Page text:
I made it.
Everything went according to plan for the first 50 km. 2km run with 2 minutes walkbreak. Clocked in at 8 hours 7 minutes. 16 hours was doable if I just did the same thing for the next 50.
I sat down at km 50 drinking coffee and ask myself how can I run another 50km? While slowly sipping the coffee, I thought of a change of strategy.
I would break down the last 50km into ten 5km chunks which I felt was more manageable than twenty-five 2km chunks. I’d run 5km straight but take longer 5-6 minutes walkbreaks to recover. It worked and I felt good. I got my stride and rhythm back aided by Edward’s metronome. Did it for 20 kilometers from km 50 to 70 and made good time. I was on my way to a negative split.
I underestimated the last 30 kilometers though. I felt really good at km 70 and thought I was strong enough to run all of the remaining distance with very little or even no walkbreaks. So I ran from km 70 to 80 with no walkbreaks and at a pace of 7min/km. Edward was becoming concerned and asked me repeatedly what my pace was. I would understate it and say that it was slower than 8min/km. I was afraid he would tell me to slow down when I was feeling very good. Huge mistake 😦
Edward told me that I was looking great but also subtly advised that I listen to my body and not build up lactic acid. It may cause me to burn up and not finish strong. Boy, did he hit the bullseye with that one.
I took a walkbreak at km 80 and took stock of how I was feeling. Felt some fatigue set in and realized how stupid I was to start running fast too early and not stick to the strategy. So I went back to 5km run/5minute walk from km 80 to 90 or so I thought…
At Aloguinsan I asked a local guy manning a municipality-sponsored aid station how many kilometers left to the finish line and he said 11 kilometers. I was surprised that it was nearer than expected but my mind readily believed him. I wanted it to be 11 kilometers. It turned out that he was wrong. *sigh* I ran around 5-6km thinking there was only 4-5km left and was shocked when I saw a sign that said I was still at “KM 90”! It really brought me down like a ton of bricks. I was demoralized like never before. That was when I didn’t have the strength to jog anymore, I only walked.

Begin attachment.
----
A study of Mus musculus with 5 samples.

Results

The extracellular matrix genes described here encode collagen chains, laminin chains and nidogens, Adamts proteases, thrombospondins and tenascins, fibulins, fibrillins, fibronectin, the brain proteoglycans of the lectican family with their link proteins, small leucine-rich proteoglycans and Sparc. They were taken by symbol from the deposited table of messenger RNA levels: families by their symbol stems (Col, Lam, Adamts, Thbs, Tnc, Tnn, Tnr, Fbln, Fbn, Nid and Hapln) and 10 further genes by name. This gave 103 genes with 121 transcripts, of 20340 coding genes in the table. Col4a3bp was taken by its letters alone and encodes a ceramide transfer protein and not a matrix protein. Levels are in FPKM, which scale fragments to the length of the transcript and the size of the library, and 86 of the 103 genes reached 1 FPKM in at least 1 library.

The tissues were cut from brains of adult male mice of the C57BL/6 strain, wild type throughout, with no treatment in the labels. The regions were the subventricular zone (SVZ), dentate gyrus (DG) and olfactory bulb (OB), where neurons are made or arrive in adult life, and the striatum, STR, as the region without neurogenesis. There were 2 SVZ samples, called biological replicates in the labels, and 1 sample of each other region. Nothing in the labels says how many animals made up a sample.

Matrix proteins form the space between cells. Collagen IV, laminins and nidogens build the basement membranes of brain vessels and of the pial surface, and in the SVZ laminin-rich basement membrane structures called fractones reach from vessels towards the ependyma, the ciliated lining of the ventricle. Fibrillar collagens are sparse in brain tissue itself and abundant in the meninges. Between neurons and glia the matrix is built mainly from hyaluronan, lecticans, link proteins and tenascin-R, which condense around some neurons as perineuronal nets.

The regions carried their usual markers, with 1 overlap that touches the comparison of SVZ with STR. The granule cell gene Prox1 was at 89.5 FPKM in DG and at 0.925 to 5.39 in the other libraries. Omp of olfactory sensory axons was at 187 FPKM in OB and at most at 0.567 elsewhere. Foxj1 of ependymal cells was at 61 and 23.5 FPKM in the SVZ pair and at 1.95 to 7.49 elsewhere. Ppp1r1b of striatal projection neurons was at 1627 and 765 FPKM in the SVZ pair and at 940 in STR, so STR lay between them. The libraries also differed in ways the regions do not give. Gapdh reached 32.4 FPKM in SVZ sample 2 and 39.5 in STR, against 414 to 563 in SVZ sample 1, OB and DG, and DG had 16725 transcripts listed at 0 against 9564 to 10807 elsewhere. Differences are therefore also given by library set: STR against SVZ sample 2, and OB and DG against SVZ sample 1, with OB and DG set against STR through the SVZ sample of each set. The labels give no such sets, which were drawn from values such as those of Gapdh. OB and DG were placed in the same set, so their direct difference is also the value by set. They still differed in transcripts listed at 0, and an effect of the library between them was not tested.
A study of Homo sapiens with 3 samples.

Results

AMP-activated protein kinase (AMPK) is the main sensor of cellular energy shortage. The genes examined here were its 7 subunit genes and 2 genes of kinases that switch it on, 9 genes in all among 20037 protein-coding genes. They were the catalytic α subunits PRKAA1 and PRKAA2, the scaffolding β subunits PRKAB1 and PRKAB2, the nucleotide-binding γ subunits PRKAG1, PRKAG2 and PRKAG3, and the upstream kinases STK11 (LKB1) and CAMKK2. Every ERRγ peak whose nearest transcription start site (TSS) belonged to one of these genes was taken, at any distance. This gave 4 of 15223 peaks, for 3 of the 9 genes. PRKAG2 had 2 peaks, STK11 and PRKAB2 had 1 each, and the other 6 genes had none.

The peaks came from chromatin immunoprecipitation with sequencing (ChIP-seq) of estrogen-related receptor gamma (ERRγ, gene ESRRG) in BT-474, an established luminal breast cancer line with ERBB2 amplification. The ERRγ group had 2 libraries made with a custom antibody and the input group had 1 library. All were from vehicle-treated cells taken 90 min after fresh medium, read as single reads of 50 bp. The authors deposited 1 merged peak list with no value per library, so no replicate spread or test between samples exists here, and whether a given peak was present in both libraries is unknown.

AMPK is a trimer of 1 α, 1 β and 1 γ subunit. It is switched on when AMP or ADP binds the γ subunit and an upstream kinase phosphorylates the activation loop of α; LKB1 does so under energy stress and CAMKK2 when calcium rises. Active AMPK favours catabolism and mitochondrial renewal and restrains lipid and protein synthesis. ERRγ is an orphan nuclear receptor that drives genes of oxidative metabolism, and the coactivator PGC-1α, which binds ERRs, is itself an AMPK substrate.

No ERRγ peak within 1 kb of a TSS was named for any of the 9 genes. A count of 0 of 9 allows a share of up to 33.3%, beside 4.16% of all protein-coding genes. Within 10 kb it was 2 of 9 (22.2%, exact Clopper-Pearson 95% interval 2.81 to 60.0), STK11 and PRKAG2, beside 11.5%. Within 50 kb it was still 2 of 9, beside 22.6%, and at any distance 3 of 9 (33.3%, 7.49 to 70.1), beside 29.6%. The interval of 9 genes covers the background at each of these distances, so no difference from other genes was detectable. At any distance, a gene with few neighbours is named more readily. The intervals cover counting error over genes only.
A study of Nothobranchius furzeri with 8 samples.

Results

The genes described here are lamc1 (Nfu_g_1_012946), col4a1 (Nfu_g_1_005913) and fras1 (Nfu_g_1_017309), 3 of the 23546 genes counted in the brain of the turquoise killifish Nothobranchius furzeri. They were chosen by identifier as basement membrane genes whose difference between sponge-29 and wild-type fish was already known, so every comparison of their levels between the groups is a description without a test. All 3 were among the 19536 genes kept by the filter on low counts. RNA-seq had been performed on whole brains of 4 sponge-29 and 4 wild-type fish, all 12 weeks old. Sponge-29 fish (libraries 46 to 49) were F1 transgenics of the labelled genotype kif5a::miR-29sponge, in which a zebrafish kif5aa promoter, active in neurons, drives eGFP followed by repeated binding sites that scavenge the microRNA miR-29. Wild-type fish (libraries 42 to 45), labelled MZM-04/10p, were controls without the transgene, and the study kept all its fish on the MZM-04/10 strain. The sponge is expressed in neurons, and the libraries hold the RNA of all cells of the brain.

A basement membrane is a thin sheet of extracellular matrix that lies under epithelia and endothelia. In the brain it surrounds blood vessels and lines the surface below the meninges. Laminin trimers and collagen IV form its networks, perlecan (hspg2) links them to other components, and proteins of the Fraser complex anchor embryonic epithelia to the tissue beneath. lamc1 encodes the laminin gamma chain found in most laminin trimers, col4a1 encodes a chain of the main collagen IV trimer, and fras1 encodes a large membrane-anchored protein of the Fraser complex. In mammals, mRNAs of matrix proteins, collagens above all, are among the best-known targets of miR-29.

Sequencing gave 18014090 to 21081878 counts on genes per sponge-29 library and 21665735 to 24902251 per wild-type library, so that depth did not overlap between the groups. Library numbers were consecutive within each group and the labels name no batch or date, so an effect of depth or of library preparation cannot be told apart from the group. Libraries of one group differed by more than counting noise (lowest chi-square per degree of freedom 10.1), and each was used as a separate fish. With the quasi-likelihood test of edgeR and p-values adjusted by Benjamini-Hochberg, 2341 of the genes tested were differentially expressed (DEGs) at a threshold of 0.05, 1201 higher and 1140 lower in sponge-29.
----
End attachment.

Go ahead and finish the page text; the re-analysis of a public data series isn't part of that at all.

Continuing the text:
I walked and walked and walked…. Jogged for a minute or two but my legs were so so tired. I was seriously thinking of DNF at km 96 a few hundred meters from the Pinamungahan Plaza *sigh again*. Edward kept giving me the encouragements I desperately needed to just reach the finish line. It was the longest 5km of my life.
When I saw the parked cars along the road and heard the drums, it was such a relief. Ma’am Sheila Colmenares ran towards me and gave me a hug congratulating me, Doc Humility Igana also came up to me and spurred me on to the finish line telling me to run because there were cameras 🙂
Crossed the finish line in 17 hours 15 minutes, it was surreal. I still couldn’t believe it. 🙂
A race to remember, paced with a lot of friends part of the way, Ms. Joy Polloso, Nikko, Tony Galon, Joel Ouano, a big group with Mark Abol, John and Dins Domingo, Doc Ted Zamora, Lyra Valles, so many others. Had some photos with Dax McSuez and TG group at KM 45.
The organizers Doc Mitty, Michelle So, Sheila Colmenares, Joy Polloso, Lulu Valiente, Tony Galon, Joel Garganera, Nap dela Torre, Haide Acuña, Alex Junia, Ledoy and Bjane Mendoza, Jun and Loi Alicante, Joel Juarez, Willie Estepa, Ervin Limpag, and company, THANKS A MILLION METERS! 🙂
I’m eternally grateful to Edward Tan Ting, my one man support crew. He knew I was prepared mentally and had a game plan so he never tried to dominate me mentally and dictate what to do even when he saw I was making mistakes. He would just listen to me and observe my condition and just carefully drop hints here and there to let me be the “hero” for myself. He let me realized my own mistakes and let me correct them myself. A support crew who knew what to do and when to do it, what more could you ask for? For a newbie 100k runner, you are only as good as your support. And I was fortunate enough to have the best.